Jason Carroll, center, who says he was wrongfully convicted of the 1988 murder of Sharon Johnson, appeared in Hillsborough Superior Court North in Manchester on Wednesday, Nov. 16, 2022.
Gaby Lozada / NHPR
Jason Carroll, center, who says he was wrongfully convicted of the 1988 murder of Sharon Johnson, appeared in Hillsborough Superior Court North in Manchester on Wednesday, Nov. 16, 2022.

More than 17 months after attempting to block a request for DNA testing in the case of a man who claims he was wrongfully convicted of murder, prosecutors for the state of New Hampshire filed a motion Thursday reversing course.

The surprise move comes a little more than a week before a four-day hearing on the issue was scheduled in Hillsborough North Superior Court.

The motion, filed by Assistant Attorney General Charles Bucca, gives room for the state to later contest whether any DNA results exonerate Carroll.

“The State reserves the right to challenge the import or significance of any analysis, for any reasons, including but not limited to potential contamination from the handling of the evidence by uninvolved persons prior to its collection,” the motion reads.

Bucca writes the state arrived at its new position “upon a review of the evidentiary items and reports of the expert witnesses,” but does not fully explain why, after nearly a year-and-a-half, the state is dropping its objections now.

In the state’s initial objection to DNA testing in November 2022, Bucca wrote “there is no scenario where testing these items will exonerate the defendant.”

The request for DNA testing still needs final approval from Judge William Delker.

If DNA test results exonerate Carroll, it would make legal history in the state. No one has been exonerated for a murder conviction in New Hampshire.

Lawyers with the New England Innocence Project filed the petition for post-conviction DNA testing in November 2022 on behalf of Jason E. Carroll. Carroll, 53, was convicted of the 1988 murder of Sharon Johnson. Two alleged co-conspirators, Tony Pfaff and Sharon’s husband Ken Johnson, were not convicted.

Carroll, who is still incarcerated, claims he was convicted on the basis of a false confession he gave when he was 19 years old. Carroll’s case is the subject of the second season of New Hampshire Public Radio’s “Bear Brook” podcast.

The contents of a box of newly rediscovered evidence in the Jason Carroll case are laid out on a table in a New Hampshire courtroom in October 2022. The contents include documents, a photo of Sharon Johnson, and a videotape of the crime scene where her body was discovered.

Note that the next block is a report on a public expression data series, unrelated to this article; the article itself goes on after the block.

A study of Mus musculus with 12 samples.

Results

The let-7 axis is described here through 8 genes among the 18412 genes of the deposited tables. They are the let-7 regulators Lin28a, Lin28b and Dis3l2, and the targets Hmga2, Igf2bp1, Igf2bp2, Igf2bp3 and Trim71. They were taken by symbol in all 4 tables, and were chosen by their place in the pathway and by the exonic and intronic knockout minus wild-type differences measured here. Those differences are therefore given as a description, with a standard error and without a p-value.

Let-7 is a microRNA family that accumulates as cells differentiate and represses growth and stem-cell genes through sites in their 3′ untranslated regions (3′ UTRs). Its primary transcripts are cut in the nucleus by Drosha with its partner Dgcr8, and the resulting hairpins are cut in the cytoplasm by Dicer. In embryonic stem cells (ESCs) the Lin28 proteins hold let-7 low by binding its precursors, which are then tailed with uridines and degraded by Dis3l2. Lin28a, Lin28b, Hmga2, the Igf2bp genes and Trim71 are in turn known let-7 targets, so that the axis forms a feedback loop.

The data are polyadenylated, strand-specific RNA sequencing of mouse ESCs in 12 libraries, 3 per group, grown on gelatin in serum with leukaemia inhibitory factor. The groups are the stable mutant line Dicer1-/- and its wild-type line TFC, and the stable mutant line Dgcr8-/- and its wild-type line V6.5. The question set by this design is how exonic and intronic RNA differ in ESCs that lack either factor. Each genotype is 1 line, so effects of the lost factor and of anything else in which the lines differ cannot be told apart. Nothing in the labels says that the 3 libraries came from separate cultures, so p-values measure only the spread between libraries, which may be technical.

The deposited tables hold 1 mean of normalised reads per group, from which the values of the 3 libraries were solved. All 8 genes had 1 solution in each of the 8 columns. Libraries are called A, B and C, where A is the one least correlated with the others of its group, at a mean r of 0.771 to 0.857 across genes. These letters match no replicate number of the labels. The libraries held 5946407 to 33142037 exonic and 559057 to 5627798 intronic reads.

Jason Moon/NHPR
A box of evidence from Jason Carroll's trial was rediscovered in a courthouse basement in October 2022. Shown here are some of the contents of the box, including documents, a photo of Sharon Johnson, videotape of the Bedford crime scene, and envelopes containing fingernail clippings from Johnson's hands.

Carroll is seeking to test several pieces of evidence from the original investigation into Johnson’s murder, including blood found beneath Johnson’s fingernails that may belong to her attacker, several knives collected in evidence, and a stained white long sleeve shirt found near the crime scene.

Johnson, 36, was found stabbed and strangled to death in a rural construction site in Bedford in 1988.

An engineer and mother seven months pregnant with her second child, Johnson was loved and admired by friends and family. Prosecutors allege she was the victim of a murder-for-hire plot orchestrated by her husband, Ken Johnson, and carried out with the help of two then-teenagers: Tony Pfaff and Jason Carroll.

When he was 19 years old, Carroll gave a series of conflicting statements to state police and his own mother, then a Bedford police officer, during more than 13 hours of interrogation over four days. Carroll ultimately said he stabbed Sharon Johnson for $5,000 paid by her husband. Carroll recanted his confession shortly thereafter and pled not guilty.

Police interrogated Carroll without a defense attorney


Pfaff, who was also 19 at the time, similarly confessed after a long interrogation. He also recanted and pled not guilty.

Prosecutors dropped all charges against Ken Johnson in 1991, citing a lack of evidence. Pfaff was found not guilty after a 16-day trial the same year. Carroll was convicted of second-degree murder and conspiracy to commit murder after two trials and sentenced to 46 years to life in 1992.

DNA technology was in its infancy during the investigation and trials. None of the items Carroll is now seeking to test have been examined for DNA before.

Jason Moon is a senior reporter and producer on the Document team. He has created longform narrative podcast series on topics ranging from unsolved murders, to presidential elections, to secret lists of police officers.